Table of Contents
3.1. Numeric Types
3.2. Monetary Type
3.3. Character Types
3.4. Date/Time Types
3.4.1. Date/Time Input
3.4.2. Date/Time Output
3.4.3. Time Zones
3.4.4. Internals
3.5. Boolean Type
3.6. Geometric Types
3.6.1. Point
3.6.2. Line Segment
3.6.3. Box
3.6.4. Path
3.6.5. Polygon
3.6.6. Circle
3.7. Network Address Data Types
3.7.1. inet
3.7.2. cidr
3.7.3. inet vs cidr
3.7.4. macaddr
3.8. Bit String Types

Postgres has a rich set of native data types available to users. Users may add new types to Postgres using the CREATE TYPE command.

Table 3-1 shows all general-purpose data types available to users. Most of the alternative names listed in the "Aliases" column are the names used internally by Postgres for historical reasons. In addition, some internally used or deprecated types are available, but they are not documented here. Many of the built-in types have obvious external formats. However, several types are either unique to Postgres, such as open and closed paths, or have several possibilities for formats, such as the date and time types.

Table 3-1. Data Types

Type Name Aliases Description
bigint int8 signed eight-byte integer
bit   fixed-length bit string
bit varying(n) varbit(n) variable-length bit string
boolean bool logical Boolean (true/false)
box   rectangular box in 2D plane
character(n) char(n) fixed-length character string
character varying(n) varchar(n) variable-length character string
cidr   IP network address
circle   circle in 2D plane
date   calendar date (year, month, day)
double precision float8 double precision floating-point number
inet   IP host address
integer int, int4 signed four-byte integer
interval   general-use time span
line   infinite line in 2D plane
lseg   line segment in 2D plane
macaddr   MAC address
money   US-style currency
numeric(p, s) decimal(p, s) exact numeric with selectable precision
oid   object identifier
path   open and closed geometric path in 2D plane
point   geometric point in 2D plane
polygon   closed geometric path in 2D plane
real float4 single precision floating-point number
smallint int2 signed two-byte integer
serial   autoincrementing four-byte integer
text   variable-length character string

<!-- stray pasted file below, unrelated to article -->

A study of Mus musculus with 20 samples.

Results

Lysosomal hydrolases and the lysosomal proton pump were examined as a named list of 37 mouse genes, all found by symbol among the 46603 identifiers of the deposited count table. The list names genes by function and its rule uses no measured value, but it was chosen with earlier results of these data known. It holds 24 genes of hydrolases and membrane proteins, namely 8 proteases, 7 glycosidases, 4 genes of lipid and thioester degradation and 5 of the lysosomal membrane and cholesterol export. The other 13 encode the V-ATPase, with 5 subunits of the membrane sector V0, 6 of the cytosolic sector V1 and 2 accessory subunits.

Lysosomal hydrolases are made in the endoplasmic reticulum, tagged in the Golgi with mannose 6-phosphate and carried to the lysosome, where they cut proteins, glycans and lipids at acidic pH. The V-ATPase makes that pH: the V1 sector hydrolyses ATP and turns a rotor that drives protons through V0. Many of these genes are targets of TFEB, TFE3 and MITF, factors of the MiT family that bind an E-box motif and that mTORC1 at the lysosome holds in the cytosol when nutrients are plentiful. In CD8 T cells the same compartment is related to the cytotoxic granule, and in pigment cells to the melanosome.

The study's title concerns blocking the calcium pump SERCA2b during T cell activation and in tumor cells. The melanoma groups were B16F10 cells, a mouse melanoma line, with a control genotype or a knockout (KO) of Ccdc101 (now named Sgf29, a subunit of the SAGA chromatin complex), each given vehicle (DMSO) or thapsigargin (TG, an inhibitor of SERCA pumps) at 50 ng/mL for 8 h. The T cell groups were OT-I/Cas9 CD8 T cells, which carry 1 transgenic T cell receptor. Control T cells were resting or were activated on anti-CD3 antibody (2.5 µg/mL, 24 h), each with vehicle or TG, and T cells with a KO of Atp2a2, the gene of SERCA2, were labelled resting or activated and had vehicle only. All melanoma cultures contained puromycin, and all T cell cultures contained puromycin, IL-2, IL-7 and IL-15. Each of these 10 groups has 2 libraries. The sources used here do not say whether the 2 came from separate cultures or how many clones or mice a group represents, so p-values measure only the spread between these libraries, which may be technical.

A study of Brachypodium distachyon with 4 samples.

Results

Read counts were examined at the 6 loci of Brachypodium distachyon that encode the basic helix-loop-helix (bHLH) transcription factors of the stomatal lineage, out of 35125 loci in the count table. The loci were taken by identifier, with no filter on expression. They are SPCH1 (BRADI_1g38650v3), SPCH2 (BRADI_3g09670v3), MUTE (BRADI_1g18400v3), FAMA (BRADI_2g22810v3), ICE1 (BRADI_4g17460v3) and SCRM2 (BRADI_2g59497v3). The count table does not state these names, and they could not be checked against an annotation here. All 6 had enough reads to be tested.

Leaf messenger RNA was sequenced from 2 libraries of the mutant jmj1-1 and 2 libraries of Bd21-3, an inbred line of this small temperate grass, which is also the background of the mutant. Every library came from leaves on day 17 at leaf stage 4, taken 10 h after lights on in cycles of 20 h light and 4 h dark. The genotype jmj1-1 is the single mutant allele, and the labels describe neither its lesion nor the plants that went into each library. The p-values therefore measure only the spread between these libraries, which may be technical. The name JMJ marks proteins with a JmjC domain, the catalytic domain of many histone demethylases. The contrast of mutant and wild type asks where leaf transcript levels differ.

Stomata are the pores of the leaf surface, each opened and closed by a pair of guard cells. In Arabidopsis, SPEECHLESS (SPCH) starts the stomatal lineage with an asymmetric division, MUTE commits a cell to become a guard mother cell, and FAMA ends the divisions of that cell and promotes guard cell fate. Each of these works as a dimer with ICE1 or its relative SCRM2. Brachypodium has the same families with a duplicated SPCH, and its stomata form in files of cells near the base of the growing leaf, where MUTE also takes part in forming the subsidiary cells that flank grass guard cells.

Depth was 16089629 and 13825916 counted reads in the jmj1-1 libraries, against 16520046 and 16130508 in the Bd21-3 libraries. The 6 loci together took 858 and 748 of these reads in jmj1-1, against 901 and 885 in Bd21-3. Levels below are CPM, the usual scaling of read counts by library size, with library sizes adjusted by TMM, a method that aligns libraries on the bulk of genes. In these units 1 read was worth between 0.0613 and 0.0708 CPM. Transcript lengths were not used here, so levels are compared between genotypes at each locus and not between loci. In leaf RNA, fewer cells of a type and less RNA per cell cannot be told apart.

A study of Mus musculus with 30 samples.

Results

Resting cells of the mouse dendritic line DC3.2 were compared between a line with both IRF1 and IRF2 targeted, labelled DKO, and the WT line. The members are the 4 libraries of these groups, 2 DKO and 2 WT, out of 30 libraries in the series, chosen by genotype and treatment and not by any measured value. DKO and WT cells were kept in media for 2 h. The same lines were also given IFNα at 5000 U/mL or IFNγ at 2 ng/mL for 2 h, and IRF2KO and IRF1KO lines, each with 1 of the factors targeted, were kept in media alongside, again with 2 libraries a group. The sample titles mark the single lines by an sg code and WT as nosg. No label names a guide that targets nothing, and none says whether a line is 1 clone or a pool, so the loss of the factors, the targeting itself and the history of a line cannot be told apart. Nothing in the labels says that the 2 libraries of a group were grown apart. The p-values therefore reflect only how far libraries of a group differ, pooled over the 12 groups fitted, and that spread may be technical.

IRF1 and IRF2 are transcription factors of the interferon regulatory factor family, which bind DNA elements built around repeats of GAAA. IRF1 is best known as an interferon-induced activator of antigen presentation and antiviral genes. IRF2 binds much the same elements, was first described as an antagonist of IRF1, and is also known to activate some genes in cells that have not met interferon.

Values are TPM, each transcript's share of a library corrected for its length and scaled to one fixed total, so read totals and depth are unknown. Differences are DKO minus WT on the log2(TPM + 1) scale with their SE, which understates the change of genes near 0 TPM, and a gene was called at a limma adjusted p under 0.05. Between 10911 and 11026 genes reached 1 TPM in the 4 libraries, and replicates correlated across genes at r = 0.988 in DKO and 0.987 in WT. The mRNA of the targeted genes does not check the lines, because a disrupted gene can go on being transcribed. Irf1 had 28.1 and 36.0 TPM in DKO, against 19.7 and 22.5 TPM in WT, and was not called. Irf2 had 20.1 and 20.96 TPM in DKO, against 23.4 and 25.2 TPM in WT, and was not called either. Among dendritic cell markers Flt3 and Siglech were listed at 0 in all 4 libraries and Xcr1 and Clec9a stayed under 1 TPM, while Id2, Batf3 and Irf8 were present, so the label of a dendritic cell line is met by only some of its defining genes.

time [ without time zone ]   time of day
time with time zone   time of day, including time zone
timestamp [ with time zone ]   date and time

Compatibility: The following types (or spellings thereof) are specified by SQL: bit, bit varying, boolean, char, character, character varying, varchar, date, double precision, integer, interval, numeric, decimal, real, smallint, time, timestamp (both with or without time zone).

Most of the input and output functions corresponding to the base types (e.g., integers and floating point numbers) do some error-checking. Some of the operators and functions (e.g., addition and multiplication) do not perform run-time error-checking in the interests of improving execution speed. On some systems, for example, the numeric operators for some data types may silently underflow or overflow.

Some of the input and output functions are not invertible. That is, the result of an output function may lose precision when compared to the original input.

3.1. Numeric Types

Numeric types consist of two-, four-, and eight-byte integers, four- and eight-byte floating point numbers and fixed-precision decimals.

Table 3-2. Numeric Types

Type Name Storage Description Range
smallint 2 bytes Fixed-precision -32768 to +32767
integer 4 bytes Usual choice for fixed-precision -2147483648 to +2147483647
bigint 8 bytes Very large range fixed-precision about 18 decimal places
decimal variable User-specified precision no limit
numeric variable User-specified precision no limit
real 4 bytes Variable-precision 6 decimal places
double precision 8 bytes Variable-precision 15 decimal places
serial 4 bytes Identifier or cross-reference 0 to +2147483647

The syntax of constants for the numeric types is described in Section 1.1.2. The numeric types have a full set of corresponding arithmetic operators and functions. Refer to Chapter 4 for more information.

The bigint type may not be available on all platforms since it relies on compiler support for eight-byte integers.

3.1.1. The Serial Type

The serial type is a special-case type constructed by Postgres from other existing components. It is typically used to create unique identifiers for table entries. In the current implementation, specifying

CREATE TABLE tablename (colname SERIAL);
is equivalent to specifying:
CREATE SEQUENCE tablename_colname_seq;
CREATE TABLE tablename
    (colname integer DEFAULT nextval('tablename_colname_seq');
CREATE UNIQUE INDEX tablename_colname_key on tablename (colname);

The implicit sequence created for the serial type will not be automatically removed when the table is dropped.

Implicit sequences supporting the serial are not automatically dropped when a table containing a serial type is dropped. So, the following commands executed in order will likely fail:
CREATE TABLE tablename (colname SERIAL);
DROP TABLE tablename;
CREATE TABLE tablename (colname SERIAL);
The sequence will remain in the database until explicitly dropped using DROP SEQUENCE.